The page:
Job Sikhala has been in prison for more than 100 days.
The deputy chairman of Zimbabwe’s official opposition, the Citizens for Change Coalition, has been accused of inciting his supporters to commit acts of violence. For most of his time behind bars, Sikhala has been in solitary confinement at the infamous Chikurubi Maximum Security Prison on the outskirts of Harare.
Sikhala denies the charges, which human rights lawyers have described as politically motivated.
The 50-year-old lawyer and politician has limited contact with the outside world and communications are strictly controlled, but he was able to respond to questions in writing.
“I live in a single cell, which means I’m always alone, but even this strategy hasn’t broken me,” he said.
He is a big man, and the cell is small. He sleeps on the floor with blankets, and the small windows mean there is little fresh air.
However, he remains defiant.
“I’d rather die defending what I think is right than commit. I am a leader and I have a responsibility to stand up, act and speak for those who cannot.”
Sikhala grew up in Masvingo province and became an activist while studying history at the University of Zimbabwe. He was a founding member in 1999 of the Movement for Democratic Change, led by the late Morgan Tsvangirai, and later an opposition MP for St Mary’s constituency in Chitungwiza.
His politics have always put him at odds with the government. His current troubles began in June, after the murder of opposition activist Moreblessing Ali in Chitungwiza. Ali was allegedly killed by Pius Jamba, a known member of the ruling Zanu-PF, in an argument over money. Jamba is in jail and facing criminal charges.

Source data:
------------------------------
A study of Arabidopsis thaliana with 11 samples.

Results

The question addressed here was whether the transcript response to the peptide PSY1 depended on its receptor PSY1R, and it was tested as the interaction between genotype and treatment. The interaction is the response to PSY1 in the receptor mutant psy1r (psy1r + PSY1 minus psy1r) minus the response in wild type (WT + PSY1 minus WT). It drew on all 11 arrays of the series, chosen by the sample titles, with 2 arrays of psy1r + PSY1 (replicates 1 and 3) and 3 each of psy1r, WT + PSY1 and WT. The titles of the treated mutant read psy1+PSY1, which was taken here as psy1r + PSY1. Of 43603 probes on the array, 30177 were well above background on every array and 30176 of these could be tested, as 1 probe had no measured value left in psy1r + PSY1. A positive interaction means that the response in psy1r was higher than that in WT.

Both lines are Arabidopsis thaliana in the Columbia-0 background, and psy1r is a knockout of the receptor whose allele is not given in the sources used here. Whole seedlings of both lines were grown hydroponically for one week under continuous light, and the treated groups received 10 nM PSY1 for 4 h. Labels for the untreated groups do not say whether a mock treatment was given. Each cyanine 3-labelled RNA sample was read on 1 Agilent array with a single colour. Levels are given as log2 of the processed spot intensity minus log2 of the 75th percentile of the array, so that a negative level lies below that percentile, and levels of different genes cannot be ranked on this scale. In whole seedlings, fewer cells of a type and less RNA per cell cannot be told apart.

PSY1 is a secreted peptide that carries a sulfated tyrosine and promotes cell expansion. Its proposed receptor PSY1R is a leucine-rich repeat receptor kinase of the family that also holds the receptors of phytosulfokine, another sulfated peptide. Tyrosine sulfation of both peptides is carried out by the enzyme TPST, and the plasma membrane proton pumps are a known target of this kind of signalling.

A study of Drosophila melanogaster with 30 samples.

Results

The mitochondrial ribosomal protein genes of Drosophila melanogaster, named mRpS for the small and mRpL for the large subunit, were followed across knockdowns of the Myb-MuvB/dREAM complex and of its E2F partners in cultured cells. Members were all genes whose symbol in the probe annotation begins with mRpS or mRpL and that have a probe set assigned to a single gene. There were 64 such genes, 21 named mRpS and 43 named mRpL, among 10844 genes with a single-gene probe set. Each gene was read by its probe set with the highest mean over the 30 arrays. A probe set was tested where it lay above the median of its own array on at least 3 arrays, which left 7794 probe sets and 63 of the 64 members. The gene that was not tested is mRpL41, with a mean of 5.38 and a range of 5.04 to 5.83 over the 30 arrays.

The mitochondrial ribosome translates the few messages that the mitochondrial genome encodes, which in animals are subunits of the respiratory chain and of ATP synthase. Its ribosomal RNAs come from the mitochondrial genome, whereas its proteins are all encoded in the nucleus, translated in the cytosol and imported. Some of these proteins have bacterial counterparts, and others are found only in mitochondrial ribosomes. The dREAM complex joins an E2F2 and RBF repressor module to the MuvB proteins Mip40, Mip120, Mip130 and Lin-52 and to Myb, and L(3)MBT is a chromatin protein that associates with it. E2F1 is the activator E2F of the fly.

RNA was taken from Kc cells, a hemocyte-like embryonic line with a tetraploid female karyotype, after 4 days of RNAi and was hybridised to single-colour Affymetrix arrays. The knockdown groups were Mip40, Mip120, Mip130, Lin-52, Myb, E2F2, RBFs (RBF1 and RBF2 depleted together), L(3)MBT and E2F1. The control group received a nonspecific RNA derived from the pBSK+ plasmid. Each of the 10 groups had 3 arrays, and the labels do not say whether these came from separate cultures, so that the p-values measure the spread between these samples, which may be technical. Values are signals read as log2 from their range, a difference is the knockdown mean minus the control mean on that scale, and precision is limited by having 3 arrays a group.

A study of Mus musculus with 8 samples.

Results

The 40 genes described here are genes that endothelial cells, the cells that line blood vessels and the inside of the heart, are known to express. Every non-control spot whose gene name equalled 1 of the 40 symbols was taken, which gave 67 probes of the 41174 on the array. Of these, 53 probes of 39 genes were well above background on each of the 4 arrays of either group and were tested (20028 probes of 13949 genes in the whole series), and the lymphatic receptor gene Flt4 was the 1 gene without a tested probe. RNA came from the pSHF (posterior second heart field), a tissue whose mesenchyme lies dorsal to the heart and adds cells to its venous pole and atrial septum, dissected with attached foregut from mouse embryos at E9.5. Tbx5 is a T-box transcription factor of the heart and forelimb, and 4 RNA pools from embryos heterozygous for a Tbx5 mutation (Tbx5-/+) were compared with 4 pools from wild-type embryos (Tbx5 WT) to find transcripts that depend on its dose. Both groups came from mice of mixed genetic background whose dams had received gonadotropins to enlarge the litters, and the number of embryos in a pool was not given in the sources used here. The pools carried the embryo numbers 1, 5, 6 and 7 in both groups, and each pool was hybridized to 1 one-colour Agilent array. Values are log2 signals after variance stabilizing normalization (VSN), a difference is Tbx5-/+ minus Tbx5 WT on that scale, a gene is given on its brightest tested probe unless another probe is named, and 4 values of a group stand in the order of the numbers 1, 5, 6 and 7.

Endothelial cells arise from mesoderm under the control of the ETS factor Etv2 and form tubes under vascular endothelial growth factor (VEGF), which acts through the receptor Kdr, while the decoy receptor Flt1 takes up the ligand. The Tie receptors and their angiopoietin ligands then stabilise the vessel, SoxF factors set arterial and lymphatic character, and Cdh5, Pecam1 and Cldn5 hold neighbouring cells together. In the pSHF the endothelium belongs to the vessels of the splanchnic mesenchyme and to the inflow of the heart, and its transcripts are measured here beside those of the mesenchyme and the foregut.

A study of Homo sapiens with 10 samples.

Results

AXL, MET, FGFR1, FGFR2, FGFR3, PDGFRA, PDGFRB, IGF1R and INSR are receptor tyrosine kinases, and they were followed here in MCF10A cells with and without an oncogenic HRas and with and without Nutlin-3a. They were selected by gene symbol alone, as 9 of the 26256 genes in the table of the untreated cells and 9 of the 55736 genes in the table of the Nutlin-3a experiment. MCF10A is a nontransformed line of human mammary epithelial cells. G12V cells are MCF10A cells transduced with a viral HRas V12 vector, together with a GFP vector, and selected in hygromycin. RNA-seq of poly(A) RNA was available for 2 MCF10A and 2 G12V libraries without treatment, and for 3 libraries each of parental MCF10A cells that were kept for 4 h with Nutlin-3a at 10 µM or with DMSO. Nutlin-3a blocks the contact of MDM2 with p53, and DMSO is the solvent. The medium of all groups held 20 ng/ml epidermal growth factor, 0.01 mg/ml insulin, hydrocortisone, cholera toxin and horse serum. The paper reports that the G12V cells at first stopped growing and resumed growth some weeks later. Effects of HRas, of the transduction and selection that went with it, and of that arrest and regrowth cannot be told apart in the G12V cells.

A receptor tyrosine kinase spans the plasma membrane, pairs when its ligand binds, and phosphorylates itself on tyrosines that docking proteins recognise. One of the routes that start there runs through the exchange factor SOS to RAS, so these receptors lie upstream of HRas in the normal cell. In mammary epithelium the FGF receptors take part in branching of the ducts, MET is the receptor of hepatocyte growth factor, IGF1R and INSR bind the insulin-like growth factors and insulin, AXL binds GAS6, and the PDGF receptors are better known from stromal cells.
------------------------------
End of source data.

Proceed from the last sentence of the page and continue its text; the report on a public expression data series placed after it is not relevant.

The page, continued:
Anti-government protests erupted during a memorial service for Ali. These turned violent when Zanu-PF supporters arrived. Police arrested 16 opposition supporters, including Sikhala and Godfrey Sithole, another opposition MP. No supporters of the ruling party were arrested.
Earlier this month, Sikhala was denied bail for the sixth time.
“No matter how strong the legal arguments are, they are not prepared to release him for [political interference]”, said his lawyer, Freddy Masarirevu. “Sikhala is seen as a threat to the regime and his interests and this Moreblessing Ali case was an opportunity to silence him once and for all.”
Sikhala echoes this analysis, saying: “Our judiciary has been used to fight political battles” and that there is “clear evidence of political interference” in the case.
The state disagrees.
In late September, when questioned in parliament about Sikhala and Sithole’s continued detention, Justice Minister Ziyambi Ziyambi said: “There is no discrimination or selective application of the law.”
When faced with more questions in October, Ziyambi warned stakeholders to desist from politicizing the Sikhala issue.
Masarirevu says that his client remains in good spirits and that the success of his beloved Arsenal Football Club, currently leaders of the English Premier League, brings him some joy.
Word of Arsenal’s results comes from some of the prison guards Sikhala has befriended.
But he is worried about his family — he is the father of 10 children — and especially his last son, who is just 10 years old. “Sometimes I am affected by thoughts about my youngest son. I always ask, has he been to school? Who is going to pick him up from school? What is he going to have for lunch?
He doesn’t know when he will see his family again. “If they want to keep me here for 20 years, let them do it. I’m physically and mentally prepared.”
This article first appeared in The Continent, the pan-African weekly produced in collaboration with the mail and guardian. It is designed to be read and shared on WhatsApp. Download your free copy here.